The Debs are thrilled to welcome Beth Feldman, a former television network executive who pole vaulted off the corporate ladder to launch Role Mommy, an online community and events company dedicated to inspiring busy moms to pursue their passion while raising a family. She’s the co-author of Peeing in Peace: Tales & Tips for Type A Moms (the book featured in the essay below) and is the author and editor of the newly released humor anthology, See Mom Run: Side-Splitting Essays from the World’s Most Harried Moms. Thankfully, during her most recent book tour, Beth is proud to say, no one left the room during her readings.
Here’s how she got the nickname Sideshow Beth:
I finally discovered why talk shows and big concerts have opening acts. To warm up an audience and get them ready for the bigger star of the night. Oftentimes, opening acts are quite refreshing. They get you in a good mood and prepare you for what’s in store for the evening. But what would happen if the opening act had to wait around until the end of the show to perform? Would people stick around for their spiel? Well, I recently learned the answer to that question.
I knew I should have been a bit skeptical when I was invited (along with my co-author) to do a reading from our book following an off-Broadway show. The offer seemed genuine enough and I instantly started conjuring up thoughts of how we would read a chapter and have the entire audience laughing so hard that we’d be on our way to instant stardom. Me, on a stage – right across from some major Broadway shows…the dream of a lifetime – or the nightmare that I’d like to forget?
The day of our reading, I even went to an upscale salon where I had my hair blown out for a bazillion dollars and even booked a session with a make-up artist who had just finished touching up Miss Mexico. With cash flow dwindling, I then zipped into Ann Taylor Loft and found a cute little dress that had been marked down 40%, raced back to my office and then slipped it on in time for our special night. I was ready to knock ’em dead!
We arrived at the theater and we almost missed the place because it was sandwiched between a newsstand and I think Burger King…okay, I know I wasn’t starring in “Mamma Mia” but we were technically still a stone’s throw away from the Great White Way. We climbed a flight of stairs and saw the sign for our book and I started to get goose bumps. We met the star of the show and then talked about how we’d do the reading. We learned that we had to be out of there pretty quick because they were getting ready for another show at 10pm and then discovered that we weren’t going to be the opening act, we were going on after the star. Something told me we were in for a bumpy ride.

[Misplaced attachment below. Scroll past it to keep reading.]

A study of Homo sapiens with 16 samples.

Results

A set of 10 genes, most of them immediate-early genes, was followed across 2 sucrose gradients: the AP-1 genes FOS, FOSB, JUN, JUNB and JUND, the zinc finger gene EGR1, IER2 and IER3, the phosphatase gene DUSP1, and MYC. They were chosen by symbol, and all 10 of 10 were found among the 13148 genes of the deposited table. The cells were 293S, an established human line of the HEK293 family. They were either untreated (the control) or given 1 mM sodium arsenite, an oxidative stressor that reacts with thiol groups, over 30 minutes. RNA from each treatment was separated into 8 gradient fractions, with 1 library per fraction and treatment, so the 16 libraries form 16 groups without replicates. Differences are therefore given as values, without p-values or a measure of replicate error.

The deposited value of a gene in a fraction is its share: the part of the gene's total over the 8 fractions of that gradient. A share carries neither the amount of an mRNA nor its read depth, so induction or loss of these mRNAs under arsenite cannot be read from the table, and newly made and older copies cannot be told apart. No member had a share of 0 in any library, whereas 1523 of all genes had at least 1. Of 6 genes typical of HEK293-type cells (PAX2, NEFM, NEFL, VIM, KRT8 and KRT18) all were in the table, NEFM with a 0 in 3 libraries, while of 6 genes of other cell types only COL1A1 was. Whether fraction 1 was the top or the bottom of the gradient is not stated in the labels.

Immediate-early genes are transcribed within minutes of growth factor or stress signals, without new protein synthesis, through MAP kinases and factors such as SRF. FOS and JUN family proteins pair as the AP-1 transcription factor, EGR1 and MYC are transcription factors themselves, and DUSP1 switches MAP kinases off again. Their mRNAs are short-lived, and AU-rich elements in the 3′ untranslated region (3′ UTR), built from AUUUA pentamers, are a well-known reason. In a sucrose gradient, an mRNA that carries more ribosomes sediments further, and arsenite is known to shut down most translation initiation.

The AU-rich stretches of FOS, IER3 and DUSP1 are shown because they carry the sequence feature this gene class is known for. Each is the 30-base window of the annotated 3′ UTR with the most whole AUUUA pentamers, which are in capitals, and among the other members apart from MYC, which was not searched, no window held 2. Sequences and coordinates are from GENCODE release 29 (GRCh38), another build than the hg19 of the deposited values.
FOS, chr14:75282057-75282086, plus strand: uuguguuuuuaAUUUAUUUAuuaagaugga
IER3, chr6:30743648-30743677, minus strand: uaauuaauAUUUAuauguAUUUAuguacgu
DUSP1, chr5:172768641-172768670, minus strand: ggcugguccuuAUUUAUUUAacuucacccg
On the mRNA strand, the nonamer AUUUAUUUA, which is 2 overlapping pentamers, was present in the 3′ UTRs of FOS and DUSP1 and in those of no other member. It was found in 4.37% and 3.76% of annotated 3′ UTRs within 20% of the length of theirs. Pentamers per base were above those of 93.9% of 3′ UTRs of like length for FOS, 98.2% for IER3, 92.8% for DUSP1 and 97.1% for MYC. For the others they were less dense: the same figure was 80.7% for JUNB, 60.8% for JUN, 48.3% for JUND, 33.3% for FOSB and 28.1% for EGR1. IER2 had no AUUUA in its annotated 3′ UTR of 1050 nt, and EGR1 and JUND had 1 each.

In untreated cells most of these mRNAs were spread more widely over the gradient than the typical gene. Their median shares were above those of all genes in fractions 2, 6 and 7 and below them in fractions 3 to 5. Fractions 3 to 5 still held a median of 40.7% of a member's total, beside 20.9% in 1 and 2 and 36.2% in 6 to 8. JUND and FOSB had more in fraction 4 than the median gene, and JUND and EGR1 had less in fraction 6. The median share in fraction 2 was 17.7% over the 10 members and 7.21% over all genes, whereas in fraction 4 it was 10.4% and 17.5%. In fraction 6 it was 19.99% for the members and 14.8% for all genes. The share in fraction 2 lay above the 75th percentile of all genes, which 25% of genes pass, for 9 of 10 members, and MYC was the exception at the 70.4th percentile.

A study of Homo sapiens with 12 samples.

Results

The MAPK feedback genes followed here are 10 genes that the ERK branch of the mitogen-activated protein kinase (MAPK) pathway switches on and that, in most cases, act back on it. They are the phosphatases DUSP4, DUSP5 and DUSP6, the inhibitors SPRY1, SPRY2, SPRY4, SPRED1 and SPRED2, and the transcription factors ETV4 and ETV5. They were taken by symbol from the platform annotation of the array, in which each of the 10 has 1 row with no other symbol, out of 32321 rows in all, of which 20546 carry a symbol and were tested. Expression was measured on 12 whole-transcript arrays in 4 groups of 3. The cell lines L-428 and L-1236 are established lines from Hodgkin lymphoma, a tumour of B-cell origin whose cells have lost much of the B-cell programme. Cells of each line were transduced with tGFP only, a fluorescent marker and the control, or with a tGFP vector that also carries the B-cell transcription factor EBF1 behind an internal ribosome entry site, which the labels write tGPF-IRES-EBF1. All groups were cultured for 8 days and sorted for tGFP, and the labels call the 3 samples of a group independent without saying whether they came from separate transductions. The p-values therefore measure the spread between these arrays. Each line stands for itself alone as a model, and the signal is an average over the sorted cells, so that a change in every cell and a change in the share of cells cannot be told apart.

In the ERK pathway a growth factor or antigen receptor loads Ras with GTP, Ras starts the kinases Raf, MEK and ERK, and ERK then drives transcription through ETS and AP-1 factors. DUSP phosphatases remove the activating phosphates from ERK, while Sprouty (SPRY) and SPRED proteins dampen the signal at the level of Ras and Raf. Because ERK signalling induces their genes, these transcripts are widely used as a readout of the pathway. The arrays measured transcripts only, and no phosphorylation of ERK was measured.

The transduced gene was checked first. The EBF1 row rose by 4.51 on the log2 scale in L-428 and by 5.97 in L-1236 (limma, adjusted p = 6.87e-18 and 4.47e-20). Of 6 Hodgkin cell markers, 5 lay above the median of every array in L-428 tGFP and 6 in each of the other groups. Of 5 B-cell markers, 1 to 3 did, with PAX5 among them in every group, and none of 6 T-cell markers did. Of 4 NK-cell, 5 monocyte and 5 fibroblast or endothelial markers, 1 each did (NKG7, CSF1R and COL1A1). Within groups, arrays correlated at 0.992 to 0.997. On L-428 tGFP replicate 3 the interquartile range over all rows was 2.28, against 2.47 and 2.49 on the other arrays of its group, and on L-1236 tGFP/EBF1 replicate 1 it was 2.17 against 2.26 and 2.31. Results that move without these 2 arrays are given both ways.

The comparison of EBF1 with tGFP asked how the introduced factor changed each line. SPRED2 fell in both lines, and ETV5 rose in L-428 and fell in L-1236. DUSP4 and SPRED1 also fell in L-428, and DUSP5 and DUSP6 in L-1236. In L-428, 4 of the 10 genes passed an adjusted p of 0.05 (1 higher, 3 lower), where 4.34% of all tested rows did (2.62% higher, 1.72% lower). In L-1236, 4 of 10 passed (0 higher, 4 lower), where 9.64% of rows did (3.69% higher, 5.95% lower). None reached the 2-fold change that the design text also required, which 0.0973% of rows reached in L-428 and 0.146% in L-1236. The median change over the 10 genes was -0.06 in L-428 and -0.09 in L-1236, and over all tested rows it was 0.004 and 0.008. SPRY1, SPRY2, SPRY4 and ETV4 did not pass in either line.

My stomach began to churn as I realized we’d be playing to a room of new mothers who probably had to get home in time to relieve their babysitters. And so, we sat through the one hour and fifteen minute show and the minute we were introduced, the place started clearing out. It was as if someone had yelled “fire in the theater” and the patrons couldn’t find an exit fast enough. As I attempted to read my chapter, more and more people left the room. And even more painful, the parts where I thought they’d laugh, there was just deadening silence. I tried to read as fast as I could and in my head I imagined I was in a dentist’s chair having root canal. Then my writing partner read her chapter – and as she shared her personal tale of mommy woe, the room cleared out even more. By the time she was done, there were a total of five people left in the theater – me, my writing partner, my husband, the stage manager and the star of the show.
To say I was mortified is the understatement of the year. I felt as if I had bombed off-Broadway but then I realized – I was supposed to be the opening act…not the closer! My husband summed it up best when he looked at me and said – “Look on the bright side, if this were the circus, you’d be Sideshow Beth.”
And that was my first brush with off-Broadway – a sideshow experience where the room cleared out the moment I opened my mouth. I sure do hope I have the opportunity to go back on a stage again, but this time I better be the opening act or the main attraction. Because when you’re “the closer” in a room full of new parents, you’re pretty much dead on arrival.